Garden of Allah Hotel

In 1938 infamous writer F. Scott Fitzgerald wrote a now famous postcard—to himself! It read, “Dear Scott, How are you? Have been meaning to come in and see you. I have living at the Garden of Allah. Yours, Scott Fitzgerald.” The writer of The Great Gatsby was living at the Garden of Allah in 1938, drowning in debt, struggling with alcoholism and the demands of screenwriting in Hollywood; he was flailing to bang out a draft for The Last Tycoon while his wife, Zelda, was rotting in a dank sanatarium back east. He justified the then costly $400 a month rent as a “business expense.” He was, in actuality, living and working under a dark, Scotch-laden hedonistic cloud. After a late night binge, Fitzgerald crawled a hundred yards from his bungalow to the front desk. The horrified clerk asked if a doctor was in order. Fitzgerald gasped in protest, “No doctor. Just get me somewhere where I can die in peace!” (Fitzgerald, subsequently, suffered two heart attacks in late-1940. After the first, he moved in with Sheilah Graham, the ornery gossip columnist, who lived one block east of the Garden.)

Errol Flynn

Around the same time, the diminutive, free-swinging bisexual French actress, Lili Damita, was hooking up with the suave, debonair, devil-may-care ladies-man Errol Flynn—a tryst of equally voracious libidos, martinis and violent love—and only the Garden, where the affair called its home-away-from-home, knew the true sordid details. (They then married and divorced a few years later.) But when Flynn began a torrid affair with actress Lupe Velez in 1937—much of their meetings also taking place at the Garden—she introduced him to a novel use for the “white powder.”  The Mexican Spitfire would reportedly dab the head of Flynn’s manhood with cocaine to dull the sensation and enable him to last longer. Flynn would indulge in coke until his death in Vancouver in 1959.

Time magazine wrote in 1959, as Allah was closing its doors: “Through the intoxicating ’20s and ’30s, the Garden of Allah was more house party than hotel. Robert Benchley was resident clown; John Barrymore kept a bicycle there so as not to waste drinking time walking between the separate celebrations in the sprawling, movie-Spanish villas. Woollcott, Hemingway, Brice, Flynn, Olivier, Welles, Bogart, Dietrich all lived at the Garden during its green years.”

MADAME ALLA’S LAVENDER HOLLYWOOD For over three decades, beginning in the late-20s, a picturesque oasis sat at the mouth of Laurel Canyon and Sunset Blvd., serving primarily as den of debauchery for some of the world’s most famous people. The Garden of Allah was the clandestine pied-à-terre of choice for the film industry’s most talented and illustrious transients: writers, actors, directors, producers. When Hollywood wanted to escape the scrutiny of the prying public, it went to the Garden, checked into one of its picturesque villas, pulled the shades and let its hair down. Hollywood lore is full of wild antics that went way off the meter of legality and acceptable public decorum—but no spot in Tinseltown hosted so much unbridled revelry, shameless behavior, and continual inebriation as the Garden.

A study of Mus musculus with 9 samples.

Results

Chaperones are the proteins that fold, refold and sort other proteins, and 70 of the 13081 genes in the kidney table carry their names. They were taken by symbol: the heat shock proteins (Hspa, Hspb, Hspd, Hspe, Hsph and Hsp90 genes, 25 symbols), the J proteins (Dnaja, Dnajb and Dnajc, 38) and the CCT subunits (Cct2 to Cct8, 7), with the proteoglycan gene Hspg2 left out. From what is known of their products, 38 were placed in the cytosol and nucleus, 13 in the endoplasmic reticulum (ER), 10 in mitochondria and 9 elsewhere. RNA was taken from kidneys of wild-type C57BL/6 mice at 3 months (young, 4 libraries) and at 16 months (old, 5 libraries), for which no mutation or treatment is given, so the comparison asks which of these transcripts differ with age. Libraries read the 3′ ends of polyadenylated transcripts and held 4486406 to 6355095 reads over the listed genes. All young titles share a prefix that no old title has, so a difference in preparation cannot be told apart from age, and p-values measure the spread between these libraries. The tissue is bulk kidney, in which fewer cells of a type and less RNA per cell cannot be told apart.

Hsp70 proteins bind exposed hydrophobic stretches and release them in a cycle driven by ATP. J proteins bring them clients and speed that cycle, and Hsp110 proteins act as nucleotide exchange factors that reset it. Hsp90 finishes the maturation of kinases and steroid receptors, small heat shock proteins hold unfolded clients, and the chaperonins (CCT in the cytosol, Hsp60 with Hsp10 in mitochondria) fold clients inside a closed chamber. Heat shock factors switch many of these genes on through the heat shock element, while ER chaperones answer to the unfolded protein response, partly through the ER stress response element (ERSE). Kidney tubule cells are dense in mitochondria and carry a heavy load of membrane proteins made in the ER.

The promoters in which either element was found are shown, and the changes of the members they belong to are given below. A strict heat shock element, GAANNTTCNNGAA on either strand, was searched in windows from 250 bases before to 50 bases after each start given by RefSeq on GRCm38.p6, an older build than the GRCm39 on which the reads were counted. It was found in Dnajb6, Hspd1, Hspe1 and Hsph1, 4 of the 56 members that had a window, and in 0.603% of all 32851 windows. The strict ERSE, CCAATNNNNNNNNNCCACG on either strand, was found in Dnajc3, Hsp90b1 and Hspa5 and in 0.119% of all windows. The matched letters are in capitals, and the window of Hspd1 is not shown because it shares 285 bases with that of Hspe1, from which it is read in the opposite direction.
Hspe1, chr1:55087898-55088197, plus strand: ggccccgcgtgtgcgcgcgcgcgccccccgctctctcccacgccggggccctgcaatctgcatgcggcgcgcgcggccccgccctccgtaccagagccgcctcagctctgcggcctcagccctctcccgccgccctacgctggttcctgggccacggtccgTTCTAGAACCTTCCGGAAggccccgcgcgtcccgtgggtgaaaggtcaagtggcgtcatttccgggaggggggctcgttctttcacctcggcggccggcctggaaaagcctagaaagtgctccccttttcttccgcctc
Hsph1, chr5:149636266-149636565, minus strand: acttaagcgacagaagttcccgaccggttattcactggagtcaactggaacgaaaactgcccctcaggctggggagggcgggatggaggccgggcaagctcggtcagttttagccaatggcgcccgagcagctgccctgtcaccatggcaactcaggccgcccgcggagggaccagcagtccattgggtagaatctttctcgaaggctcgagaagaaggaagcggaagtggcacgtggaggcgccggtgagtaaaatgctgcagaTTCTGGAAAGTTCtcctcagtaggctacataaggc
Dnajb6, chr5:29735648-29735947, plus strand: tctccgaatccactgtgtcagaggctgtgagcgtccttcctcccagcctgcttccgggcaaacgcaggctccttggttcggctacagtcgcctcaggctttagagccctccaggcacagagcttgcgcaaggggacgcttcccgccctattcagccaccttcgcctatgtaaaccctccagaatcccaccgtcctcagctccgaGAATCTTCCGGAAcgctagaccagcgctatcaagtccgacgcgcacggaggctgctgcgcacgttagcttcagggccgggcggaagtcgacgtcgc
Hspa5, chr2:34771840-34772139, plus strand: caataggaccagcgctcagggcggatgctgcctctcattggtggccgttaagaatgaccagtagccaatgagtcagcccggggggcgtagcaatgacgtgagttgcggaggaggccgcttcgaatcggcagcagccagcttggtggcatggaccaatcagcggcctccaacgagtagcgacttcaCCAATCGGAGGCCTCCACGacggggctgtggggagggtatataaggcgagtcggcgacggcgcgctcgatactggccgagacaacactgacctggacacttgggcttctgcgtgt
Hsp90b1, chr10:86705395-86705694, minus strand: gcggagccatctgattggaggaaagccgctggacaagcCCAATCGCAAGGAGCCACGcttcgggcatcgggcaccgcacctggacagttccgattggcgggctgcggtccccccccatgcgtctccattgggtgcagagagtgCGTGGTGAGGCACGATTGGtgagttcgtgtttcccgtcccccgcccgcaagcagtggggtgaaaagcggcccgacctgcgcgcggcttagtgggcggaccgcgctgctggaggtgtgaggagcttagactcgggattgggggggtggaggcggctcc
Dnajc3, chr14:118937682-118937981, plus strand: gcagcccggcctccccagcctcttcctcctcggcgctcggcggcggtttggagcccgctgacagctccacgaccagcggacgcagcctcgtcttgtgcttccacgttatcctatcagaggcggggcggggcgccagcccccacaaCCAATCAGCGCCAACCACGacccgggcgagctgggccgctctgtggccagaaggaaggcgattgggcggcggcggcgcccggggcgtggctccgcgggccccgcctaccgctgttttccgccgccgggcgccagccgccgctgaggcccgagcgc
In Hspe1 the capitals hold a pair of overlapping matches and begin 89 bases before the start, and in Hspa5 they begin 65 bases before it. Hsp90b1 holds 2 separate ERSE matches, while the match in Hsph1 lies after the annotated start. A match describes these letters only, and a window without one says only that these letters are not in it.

Clara Bow

But very few ever got a peek inside. Being on the Garden’s guest list became a rough gauge of a star’s popularity. Clara Bow, the silent film actress and star of Poisoned Paradise, epitomized the flamboyance of the silent era at the Garden. Producers had advertised her to the world as the “It Girl” and she became a popular figure at the poolside cocktail hour. Occasionally, she would dive off the high board in a dinner gown, martini in hand, or push tuxedoed escorts into the pool; she made the evening-dress swimming parties part of the Garden’s early lore. During her lifetime Bow was the subject of wild rumors regarding her sex life; most of them were untrue. A tabloid called The Coast Reporter published lurid allegations about her in 1931, accusing her of exhibitionism, incest, lesbianism, bestiality, drug addiction, alcoholism, and having contracted venereal disease. The publisher of the tabloid then tried to blackmail Bow, offering to cease printing the stories for $25,000, which led to his arrest by federal agents and, later, an eight-year prison sentence.

“There were no rules,” reminisced one early resident. “Nearly everybody partied—and partied hard. You would come back late at night and look around for a lighted window. That meant a party, where, of course, you’d be welcome.” The informality took many forms. Wrote New York drama critic Whitney Bolton, who lived at the Garden: “If a stark naked lady of acting fame, her head crowned by a chattering monkey, chose to open the door to Western Union, no one was abashed, least of all the lady and the monkey.” But the informality was not for strangers and voyeurs. The hotel management posted a guard at the front gate and maintained a discreet patrol of the grounds after dark, one of the watchmen leading a formidable dog that residents fondly called the “Hound of the Baskervilles.” The private police were strictly for security; they had orders not to harass the guests or interfere with their personal foibles and pleasures.

The lagest collection of Garden of Allah Hotel photos are on the website. All photos are available for purchase.